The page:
In its 72 years of making animated movie musicals, Disney has featured Sleeping Beauties, Snow Whites, Little Mermaids, lions, tramps and bears. But it has never made a movie about a black princess, or any black lead character for that matter. Into that void comes The Princess and the Frog, due out in December. Finally the mouse is reaching out to a segment of the population it has shamefully ignored for decades. So cheers all around, right?
Um, well, do you have a second?
At its face, the concept for The Princess and the Frog seems alright. Set in New Orleans, the fairy tale follows Princess Tiana (voiced by Dreamgirls star Anika Noni Rose) as she encounters a frog purporting to be a prince who asks for a kiss to break the amphibious spell. It certainly looks gorgeous with its hand-drawn 2D animation and lush setting. But then I watched the trailer.
[NOTE: The trailer contains a key spoiler for the film, as will the rest of the discussion of the movie. Don’t blame me, blame Disney.]
OK, so Princess Tiana kisses the frog and then turns into a frog herself? According to reports, she stays a frog for a good chunk of the movie. So, let me get this straight, instead of seeing Disney’s first and only black princess on screen we see a green, hoppy frog? I know it’s not easy being green but this is ridiculous.
Sure, the trailer shows many other prominent black characters. Oprah Winfrey and Terrence Howard voice Tiana’s parents. And Jennifer Lewis and Keith David are the film’s good and bad voodoo practitioners, respectively. But, still, when we look at the heroine for at least a portion of the film what we’ll see a frog. This is not the kind of embracing of diversity I was hoping for with this movie, Disney.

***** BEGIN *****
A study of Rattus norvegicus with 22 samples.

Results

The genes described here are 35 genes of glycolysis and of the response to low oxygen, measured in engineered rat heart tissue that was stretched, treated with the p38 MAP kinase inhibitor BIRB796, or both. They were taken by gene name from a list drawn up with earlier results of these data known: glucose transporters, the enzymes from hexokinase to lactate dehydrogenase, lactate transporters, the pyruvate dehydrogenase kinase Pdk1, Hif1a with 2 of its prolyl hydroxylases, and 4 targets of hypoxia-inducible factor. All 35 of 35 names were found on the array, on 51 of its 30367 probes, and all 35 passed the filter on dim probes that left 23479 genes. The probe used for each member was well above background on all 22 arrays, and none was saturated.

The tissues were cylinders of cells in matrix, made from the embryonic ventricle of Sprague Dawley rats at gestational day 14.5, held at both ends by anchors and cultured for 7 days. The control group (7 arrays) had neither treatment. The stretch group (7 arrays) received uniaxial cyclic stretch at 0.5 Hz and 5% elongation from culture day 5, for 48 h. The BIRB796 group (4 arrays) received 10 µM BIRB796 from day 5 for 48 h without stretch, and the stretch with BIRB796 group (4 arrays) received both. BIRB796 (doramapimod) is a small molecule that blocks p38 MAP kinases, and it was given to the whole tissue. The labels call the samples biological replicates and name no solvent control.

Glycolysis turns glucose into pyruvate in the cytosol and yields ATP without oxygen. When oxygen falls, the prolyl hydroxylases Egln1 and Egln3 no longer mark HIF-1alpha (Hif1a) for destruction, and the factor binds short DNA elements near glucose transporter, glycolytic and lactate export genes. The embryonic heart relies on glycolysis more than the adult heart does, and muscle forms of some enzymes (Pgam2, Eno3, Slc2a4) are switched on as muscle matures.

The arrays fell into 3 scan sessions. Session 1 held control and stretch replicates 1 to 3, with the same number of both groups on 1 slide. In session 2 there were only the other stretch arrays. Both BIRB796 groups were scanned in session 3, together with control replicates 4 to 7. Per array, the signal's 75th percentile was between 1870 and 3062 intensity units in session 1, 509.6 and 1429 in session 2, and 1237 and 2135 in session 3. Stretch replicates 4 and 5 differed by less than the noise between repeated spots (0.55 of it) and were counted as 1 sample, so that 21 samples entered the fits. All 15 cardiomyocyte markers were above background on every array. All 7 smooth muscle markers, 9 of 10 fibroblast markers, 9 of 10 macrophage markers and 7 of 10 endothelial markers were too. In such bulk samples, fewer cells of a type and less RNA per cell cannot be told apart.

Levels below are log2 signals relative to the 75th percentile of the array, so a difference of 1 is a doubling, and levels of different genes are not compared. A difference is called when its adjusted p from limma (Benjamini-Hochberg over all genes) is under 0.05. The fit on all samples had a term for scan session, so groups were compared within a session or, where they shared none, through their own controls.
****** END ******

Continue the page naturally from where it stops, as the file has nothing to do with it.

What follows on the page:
Of course, the film hasn’t been without its controversies already. At first filmmakers wanted to make Tiana a maid called Maddy, but it was a little too close to Mammy and back into the big book of names they delved. Also we could talk for days about the inaccuracies and stereotypes it will no doubt make in its depiction of voodoo.
Look, I grew up on Disney movies. And, as an Asian-American, I’d become wearily accustomed to them not reflecting what I saw in the mirror. (Mulan didn’t come along until well after my Disney deifying years were over.) Still the Disney magic totally worked on me as a child. So I want nothing more than to root for this movie. I want generations of little girls of all races and ethnicities to love and look up to Princess Tiana.
But I’m also not a child anymore and I no longer believe in fairy tales. I believe in fairness. And I’m not sure it’s fair to wait 72 years to give the world its first black Disney princess and then make her look like a frog.
So, what do you think? Does this look fair? Does this look fun? Are you ready for this fairy tale?